How to Use People Strategy to Assess Your Organizational Health
Contrary to popular belief, people strategy is not synonymous with HR strategy. While HR strategy focuses on shaping culture through policy, people strategy puts the focus on the corporate ecosystem. It’s about creating an environment that empowers people to thrive while growing the bottom line accordingly.
A strong people strategy is strongly correlated to good organizational health. According to McKinsey, 80% of companies that make concrete strides to improve organizational health enjoy significant advantages over competitors.
If you trust that your people have been astutely deployed, you can trust them to provide crucial insights into the health of your business.
What Do We Mean by Organizational Health?
When I refer to organizational health, I’m talking about how well the arms of the organization work together. Employee engagement, retention, and culture are indicators of health, but they don’t define it. A healthy organization is united behind their leadership and able to translate vision into action. These organizations maintain a sharp focus on the organization’s goals, and are able to adapt to industry trends in order to get there.
Healthy organizations consistently demonstrate excellent communication throughout all levels of leadership. They also embrace ongoing innovation as critical to longevity.
People Strategy as an Assessment Tool
If you’re already leveraging people strategy in your organization, chances are you already have the right people in the right roles. However, even with the right roles in place, the company may still be experiencing pitfalls like communication breakdown, siloing, resistance to change, or a lack of innovation. As the leader of your team, many of these concerns could be deliberately hidden from you.
The objective of assessing your organizational health is to uncover how to optimize it. This must be an empowering conversation through which line managers feel safe to confide in you about their department’s challenges—even if they don’t yet have a solution.
Use these simple questions as conversation starters to guide your assessment. Meet with direct reports prepared to listen, and encourage the open sharing of concerns and ideas.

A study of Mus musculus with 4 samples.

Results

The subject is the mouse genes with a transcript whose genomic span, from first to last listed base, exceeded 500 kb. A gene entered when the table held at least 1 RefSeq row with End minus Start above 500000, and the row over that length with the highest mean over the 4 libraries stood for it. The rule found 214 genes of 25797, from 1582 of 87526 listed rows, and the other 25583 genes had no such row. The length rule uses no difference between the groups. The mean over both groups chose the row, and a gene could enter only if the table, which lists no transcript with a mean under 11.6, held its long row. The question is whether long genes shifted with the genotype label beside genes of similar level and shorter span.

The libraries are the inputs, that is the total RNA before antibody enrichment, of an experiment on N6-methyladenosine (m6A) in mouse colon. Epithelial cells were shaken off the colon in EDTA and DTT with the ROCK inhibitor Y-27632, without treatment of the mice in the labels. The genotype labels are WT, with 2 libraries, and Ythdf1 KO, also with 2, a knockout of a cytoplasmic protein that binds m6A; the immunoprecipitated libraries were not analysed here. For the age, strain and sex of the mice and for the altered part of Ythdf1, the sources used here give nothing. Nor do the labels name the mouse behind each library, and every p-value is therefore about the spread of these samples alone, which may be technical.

Keep this question open-ended. Your direct report may mention anything from concerns about their team, to issues around productivity, to larger worries about the future of products or the company as a whole.
Leave your ego at the door before engaging in this discussion. It should come as no surprise that honesty is a key feature of a healthy organization. Just like a healthy relationship, your team must find tactful ways to deal with difficult truths.
Whomever is answering this question will likely feel “put on the spot.” They may dance around serious problems to avoid consequences when what they desperately need is support. To gain their trust, remain encouraging and engage them for details and examples. As they let their guard down, the full picture will start to form—and hopefully, so will a path forward.
Question 2: How can we better leverage the talent in your department?
Sometimes, the value people bring to their roles isn’t contained within their job description. Perhaps you have a department whose team dynamic is exceptional. Or, you may have a certain person whose innovative ideas surpass their level of influence.
Leaders who work closely with their teams can identify these strengths, but without being asked, they may not see an opportunity to amplify their benefits.
Frame this conversation with the intent to build smarter processes, reward creative thinking, and inform your people strategy going forward.
Question 3: What is preventing your department from meeting its full potential right now?
Generally speaking, the people we put into leadership positions are not the complaining type. We seek leaders who bring us solutions, not problems. While this judgment frequently serves us well, there’s a risk of enculturating a “blind spot” in which leaders avoid talking about issues they cannot solve.
This question implies a willingness to correct company infrastructure that impedes progress for an area of the business. Perhaps the internal software the company relies on is chronically inefficient with certain tasks. Or, perhaps some leaders are having trouble working together.
Pinpointing the stumbling blocks within each department will allow you to course-correct your people strategy, mediate inter-departmental issues, and optimize business operations.
For people strategy to be effective, it requires the ongoing input of—you guessed it—your people. To take advantage of the people strategy tactics that have helped other New York firms grow, contact my team and I at East Tenth Group today.